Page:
Whether you’re thinking about a big or small home renovation, both stress and costs can get out of control fast. We’ve got home renovation tips to help you make your project a success and keep your budget in the bag.
Our home remodeling tips cover many aspects of a project, from planning to budgeting, prioritizing work, hiring a contractor and financing your remodeling job, whether with a personal loan from Check `n Go or an alternative. Let’s get started.
Planning is the #1 house renovation tip for avoiding problems and helping your renovation go smoothly. And you’ll want to plan just about everything.
Think about what you want in the renovated area. Write down your wish list. Then look at options for every finish and make decisions. If you’re especially concerned about meeting a deadline, you may even want to choose contingency finishes. If something happens with the budget or the timeline, you’ll have less expensive options already selected. This will make it easy to find a quick solution that won’t delay your project.
Think about how much money you can spend on your renovations. That’s your budget for the renovation. Most pros recommend you set aside 10% of that renovation budget for possible problems and cost increases, so if the most you can spend is $5000, you should plan to budget the job at $4500.
Once you know how much you can spend, list everything you need to include in the budget. Your list should include labor and materials, but also things like money for permits, equipment rental, even tax on purchases. The more detail you get into your budget, the fewer surprises you’ll have later. Adjust as needed to work within your spending limit.
Once you have the work outlined and know what you can spend, you can request estimates from contractors. If the estimates don’t line up with what you planned, you may need to make some choices about what to include, review your plan for items not included, or request an additional contractor estimate. With any kind of budgeting, it can help to consider the 50/30/20 budget rule.
If you find yourself with contractor estimates beyond your budget, consider prioritizing renovation areas. This is a great way to work within budget constraints.
If you plan to stay in the home more than 5 years, perhaps you prioritize what’s needed to make the home livable first, then upgrade your appliances later.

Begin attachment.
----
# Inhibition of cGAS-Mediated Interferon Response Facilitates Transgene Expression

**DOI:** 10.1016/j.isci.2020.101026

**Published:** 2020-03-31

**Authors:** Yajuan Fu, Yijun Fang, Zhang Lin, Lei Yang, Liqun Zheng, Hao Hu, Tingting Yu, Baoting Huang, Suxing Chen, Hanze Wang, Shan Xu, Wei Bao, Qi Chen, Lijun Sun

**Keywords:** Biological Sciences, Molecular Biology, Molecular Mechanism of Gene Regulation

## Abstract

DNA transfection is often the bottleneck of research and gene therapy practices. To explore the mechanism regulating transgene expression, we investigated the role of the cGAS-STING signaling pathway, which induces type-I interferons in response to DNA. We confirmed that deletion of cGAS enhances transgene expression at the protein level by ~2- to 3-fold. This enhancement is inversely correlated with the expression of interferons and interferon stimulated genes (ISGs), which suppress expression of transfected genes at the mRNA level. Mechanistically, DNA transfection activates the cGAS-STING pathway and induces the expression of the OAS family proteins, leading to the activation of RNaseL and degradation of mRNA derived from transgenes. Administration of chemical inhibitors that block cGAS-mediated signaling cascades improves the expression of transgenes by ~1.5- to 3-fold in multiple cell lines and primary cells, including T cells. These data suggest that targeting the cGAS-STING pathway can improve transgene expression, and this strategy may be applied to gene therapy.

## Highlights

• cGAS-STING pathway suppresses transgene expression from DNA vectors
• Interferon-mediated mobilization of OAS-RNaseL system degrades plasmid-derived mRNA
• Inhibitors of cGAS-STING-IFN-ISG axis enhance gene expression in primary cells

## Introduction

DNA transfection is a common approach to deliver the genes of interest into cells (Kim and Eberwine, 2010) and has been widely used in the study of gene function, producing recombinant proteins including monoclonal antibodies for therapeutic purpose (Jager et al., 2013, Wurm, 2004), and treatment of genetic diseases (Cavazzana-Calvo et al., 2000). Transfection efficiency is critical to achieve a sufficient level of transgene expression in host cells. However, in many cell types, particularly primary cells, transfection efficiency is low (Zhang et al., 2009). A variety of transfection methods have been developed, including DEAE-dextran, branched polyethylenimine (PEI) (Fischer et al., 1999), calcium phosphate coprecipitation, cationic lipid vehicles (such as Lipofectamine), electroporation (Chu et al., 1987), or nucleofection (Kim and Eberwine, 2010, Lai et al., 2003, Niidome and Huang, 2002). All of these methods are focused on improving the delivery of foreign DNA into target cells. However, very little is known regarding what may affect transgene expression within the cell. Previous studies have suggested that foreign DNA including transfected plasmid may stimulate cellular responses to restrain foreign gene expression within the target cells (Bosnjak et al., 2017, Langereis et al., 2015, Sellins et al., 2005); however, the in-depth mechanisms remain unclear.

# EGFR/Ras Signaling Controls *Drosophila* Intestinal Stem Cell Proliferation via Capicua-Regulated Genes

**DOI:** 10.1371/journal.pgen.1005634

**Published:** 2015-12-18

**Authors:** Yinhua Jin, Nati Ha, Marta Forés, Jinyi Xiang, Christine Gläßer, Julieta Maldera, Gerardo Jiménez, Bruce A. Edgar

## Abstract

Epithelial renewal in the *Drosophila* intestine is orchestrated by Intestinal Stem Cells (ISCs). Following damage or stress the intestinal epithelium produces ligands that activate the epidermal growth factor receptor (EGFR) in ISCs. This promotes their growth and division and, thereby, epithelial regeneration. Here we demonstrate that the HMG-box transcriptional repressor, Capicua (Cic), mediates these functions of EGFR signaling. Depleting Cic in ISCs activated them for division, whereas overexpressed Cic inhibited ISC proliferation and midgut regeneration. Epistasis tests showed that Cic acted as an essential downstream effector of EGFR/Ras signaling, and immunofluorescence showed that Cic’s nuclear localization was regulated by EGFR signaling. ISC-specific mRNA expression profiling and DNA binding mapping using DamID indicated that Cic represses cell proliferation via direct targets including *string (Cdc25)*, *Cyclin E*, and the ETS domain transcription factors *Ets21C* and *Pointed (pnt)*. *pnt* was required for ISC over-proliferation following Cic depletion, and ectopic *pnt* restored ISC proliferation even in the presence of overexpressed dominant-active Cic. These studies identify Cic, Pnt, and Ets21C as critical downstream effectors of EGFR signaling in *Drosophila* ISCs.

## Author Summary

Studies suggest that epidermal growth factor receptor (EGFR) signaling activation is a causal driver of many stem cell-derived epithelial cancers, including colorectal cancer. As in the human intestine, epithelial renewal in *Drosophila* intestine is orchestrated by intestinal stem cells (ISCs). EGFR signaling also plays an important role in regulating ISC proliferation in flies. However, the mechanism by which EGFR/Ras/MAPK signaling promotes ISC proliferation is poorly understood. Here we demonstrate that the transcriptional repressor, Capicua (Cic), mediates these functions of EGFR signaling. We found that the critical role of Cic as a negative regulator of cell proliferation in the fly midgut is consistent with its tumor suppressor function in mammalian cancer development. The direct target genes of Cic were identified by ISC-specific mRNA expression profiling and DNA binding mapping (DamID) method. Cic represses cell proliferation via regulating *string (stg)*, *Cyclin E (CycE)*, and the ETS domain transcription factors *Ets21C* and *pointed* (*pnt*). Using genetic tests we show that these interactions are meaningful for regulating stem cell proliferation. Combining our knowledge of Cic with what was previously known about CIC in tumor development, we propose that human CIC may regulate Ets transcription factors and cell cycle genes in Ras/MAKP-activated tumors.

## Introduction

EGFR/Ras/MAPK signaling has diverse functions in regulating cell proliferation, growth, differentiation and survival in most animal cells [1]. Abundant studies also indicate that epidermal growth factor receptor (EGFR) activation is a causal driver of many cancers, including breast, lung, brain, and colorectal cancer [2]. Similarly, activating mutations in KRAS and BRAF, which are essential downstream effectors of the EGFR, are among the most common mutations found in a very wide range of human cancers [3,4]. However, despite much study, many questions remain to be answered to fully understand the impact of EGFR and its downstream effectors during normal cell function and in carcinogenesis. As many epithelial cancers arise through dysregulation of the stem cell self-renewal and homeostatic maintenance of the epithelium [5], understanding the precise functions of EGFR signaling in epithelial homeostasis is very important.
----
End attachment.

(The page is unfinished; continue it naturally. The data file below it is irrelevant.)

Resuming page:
You may even have to limit a job further. If you want to do an open concept area, you might choose to get the full project design done up front so it’s seamless, but divide the work into phases over months or years.
The key is, don’t feel like you have to get everything in one job – or even in one home.
Make sure to get estimates from multiple contractors. Ask friends, family, colleagues: have they done a renovation? Did they love their contractor? Look at online ratings, but don’t trust those alone. Every good contractor should be able to provide you with previous clients who are willing to provide a reference over the phone.
In general, don’t trust second- or third-hand references, at least not without further calls to a contractor’s references. And unless you know family members who are completely trustworthy and hardworking, it’s generally better to keep family relationships out of a renovation equation.
You can find lots of good advice online from successful contractors, so make the most of it as you choose your own. Look for tips on questions to ask, what to do before signing a contract, how to choose the right contractor, and more.
Look for a contractor with a good record. They should have at least three years’ in business and carry the appropriate licensing and insurance. Better Homes and Gardens suggests finding a contractor who is a member of the National Association of the Remodeling Industry (NARI). Check their record of disputes with organizations like the Better Business Bureau and your state’s consumer protection agency, and find out if they have disputes pending.
If you’re thinking of a DIY job, make sure you’re realistic about your own abilities and can handle the job. It’s ok to hire out the parts of the job you aren’t comfortable with; areas like electrical must be hired out unless you’re licensed. Be sure you get the right permits, even if you’re doing the work yourself. You or the future inhabitants of your home could be forced to tear out the work at a later date if a job isn’t appropriately permitted, and nobody wants to go through that.
We have a whole post full of details in case you’re looking to specifically finance your new roof, including choosing a contractor.
You have a variety of financing options for home renovation. Those with great credit who are considering extensive and/or expensive renovations may qualify for home equity loans and other options. But are there options for small jobs – and those with challenging credit?
Yes. Personal loans, also known as installment loans or home improvement loans, can be a great option for financing a small renovation, particularly for those with credit challenges. They are unsecured loans, so they don’t require collateral. These loans are available from Check `n Go, banks, credit unions, and online lenders.
Safety is a critical piece in planning and managing a home renovation. Try these tips to keep your family and fur friends safe during construction.
Visit checkngo.com or any Check `n Go store to apply.
Installment loans are widely available, even to those with challenging credit. These loans, also known as personal loans, don’t require collateral. They may also have fewer fees and be available in smaller amounts for those who don’t need or want a large loan.
This is largely personal preference. Consider the rooms you use most and whether you want to do those first or last. There are a wide variety of opinions on the subject, including those from House Beautiful and Martha Stewart, so try a web search for more information.